Renovating an apartment is taking it's toll. I failed to publish anything - even a simple picture - last Friday and this Monday, and I apologize to loyal readers of Toys and Bacon blog.
But things are shaping up, and a friend told me I should get used to having lots of spare time as soon as the apartment is done.
As an update, I can tell you that the kitchen is gradually taking shape. It is a temporary solution, as I aim to redo the entire kitchen. But for now, it will do. A few final touches, like painting the horrific original floor in a more neutral color, and we're talking business. But that's not to say I'm not making food. I have assembled quite possibly the greatest piece of furniture in the world (yes, better than the late, great Benjamin), which I will show in better detail on Friday, and I've gotten used to not having induction plates. So I'm making food again. Simple stuff for now, more complex stuff will follow in the near future.
Today: One way to make nachos. Read on!
Fry some meat and onion, add jalapeños and some Heinz chili sauce. Into the oven on fairly intense heat, and don't forget a generous amount of cheese. Serve with salsa and sour cream. Pictures of the process can be found below...
But this isn't really about nachos. It's about being surprised by cultural differences.
In 2009, me and a friend visited the United States to attend the annual G.I. Joe convention. As first time travelers to the states, we were curious what to expect. Us being fairly liberal Europeans, we had kinda convinced ourselves that even if they spoke a language we understood, they would not be like us at all. And to a certain extent that turned out to be correct. There are great cultural differences between Europeans and Americans. But the differences turned out to be mostly pleasant. At least for the fraction of USA we got to experience.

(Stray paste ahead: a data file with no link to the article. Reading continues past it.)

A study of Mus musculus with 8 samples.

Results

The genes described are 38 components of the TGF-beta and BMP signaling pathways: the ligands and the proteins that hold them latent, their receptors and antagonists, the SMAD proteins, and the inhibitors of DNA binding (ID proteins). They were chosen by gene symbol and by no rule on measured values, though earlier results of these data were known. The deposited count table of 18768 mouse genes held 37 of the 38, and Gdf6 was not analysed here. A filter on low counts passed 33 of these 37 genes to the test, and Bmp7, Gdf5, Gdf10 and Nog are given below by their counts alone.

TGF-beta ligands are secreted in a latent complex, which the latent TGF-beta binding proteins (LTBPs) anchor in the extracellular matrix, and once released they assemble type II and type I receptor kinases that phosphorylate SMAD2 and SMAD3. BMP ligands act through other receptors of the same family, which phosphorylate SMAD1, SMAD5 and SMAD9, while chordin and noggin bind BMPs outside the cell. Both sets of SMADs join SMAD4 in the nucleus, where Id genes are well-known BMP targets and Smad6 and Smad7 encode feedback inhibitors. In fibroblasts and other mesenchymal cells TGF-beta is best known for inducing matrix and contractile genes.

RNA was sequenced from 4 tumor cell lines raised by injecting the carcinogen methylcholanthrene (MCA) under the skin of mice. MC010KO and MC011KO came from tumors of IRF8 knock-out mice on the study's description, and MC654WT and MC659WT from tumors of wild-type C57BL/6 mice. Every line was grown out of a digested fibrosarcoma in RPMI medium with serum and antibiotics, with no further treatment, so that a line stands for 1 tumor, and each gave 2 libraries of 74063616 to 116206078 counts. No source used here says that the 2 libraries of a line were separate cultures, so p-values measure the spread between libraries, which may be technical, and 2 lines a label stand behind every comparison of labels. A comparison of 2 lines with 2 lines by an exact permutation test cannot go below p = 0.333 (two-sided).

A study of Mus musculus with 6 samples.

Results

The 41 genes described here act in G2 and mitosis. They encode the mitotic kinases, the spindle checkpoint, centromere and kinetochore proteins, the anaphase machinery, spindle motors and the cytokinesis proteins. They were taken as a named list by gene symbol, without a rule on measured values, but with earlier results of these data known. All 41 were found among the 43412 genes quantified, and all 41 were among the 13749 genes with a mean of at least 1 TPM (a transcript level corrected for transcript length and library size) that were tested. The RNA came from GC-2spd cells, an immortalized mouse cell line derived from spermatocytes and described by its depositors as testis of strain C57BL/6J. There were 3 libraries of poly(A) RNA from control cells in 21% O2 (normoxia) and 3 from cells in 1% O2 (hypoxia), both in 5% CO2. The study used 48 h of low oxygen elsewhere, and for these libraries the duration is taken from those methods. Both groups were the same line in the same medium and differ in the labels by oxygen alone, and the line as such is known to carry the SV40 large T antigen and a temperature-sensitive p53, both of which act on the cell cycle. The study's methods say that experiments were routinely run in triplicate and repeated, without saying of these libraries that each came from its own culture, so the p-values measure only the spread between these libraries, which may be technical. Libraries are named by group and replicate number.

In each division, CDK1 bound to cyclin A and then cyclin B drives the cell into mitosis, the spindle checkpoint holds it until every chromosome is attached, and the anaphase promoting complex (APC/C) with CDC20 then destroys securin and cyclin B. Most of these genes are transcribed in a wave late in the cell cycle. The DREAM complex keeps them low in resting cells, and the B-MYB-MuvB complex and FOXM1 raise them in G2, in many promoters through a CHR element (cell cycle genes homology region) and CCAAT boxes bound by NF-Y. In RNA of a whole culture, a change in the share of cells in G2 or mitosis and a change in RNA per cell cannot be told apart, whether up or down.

I'll not recap the entire trip, because far too much happened. But I will tell about the very first meal I shared with people I barely knew...
That's really an exaggeration, because the world was tiny three years ago, and it's even smaller today. I knew my American friends fairly well, but it's one thing to talk over the internet. It's a whole different thing to actually be together in person.
And the first cultural shock happened instantly. These people were extremely friendly, chatty and intimate, very much unlike people from Scandinavia - and more specifically Norway. The very first thing my American buddy Jeremy did was to ask me if I was hungry, and almost before I could answer, he had ordered a nacho plate for us to share. That would never have happened here. I'm embarrassed to say that I would never do the same. Sure, I could order a plate for someone, but never share one with people I hadn't really met before.
Then came the second shock: Blue nachos. Food isn't meant to be blue. In Norway, we have a strict policy about food coloring, so our chicken isn't really pink, it's chicken colored. Our peas aren't bright green, they are moss green. Our flour isn't shiny white, it's off white. And our nachos are.. nachos color..
Blue nachos taste the same as other nachos, except that a nacho plate shared in good company is infinitely better than a nacho plate eaten alone. But make no mistake about it, my home made nachos are good too...
Dan, Roxi, me, Runar, Jeremy, Corey.
There's a good reason you've read about all of these people in my blog before. They are dear to me.
Here's my home made nacho plate...
Enjoy, and expect more frequent updates, now that my apartment is almost habitable.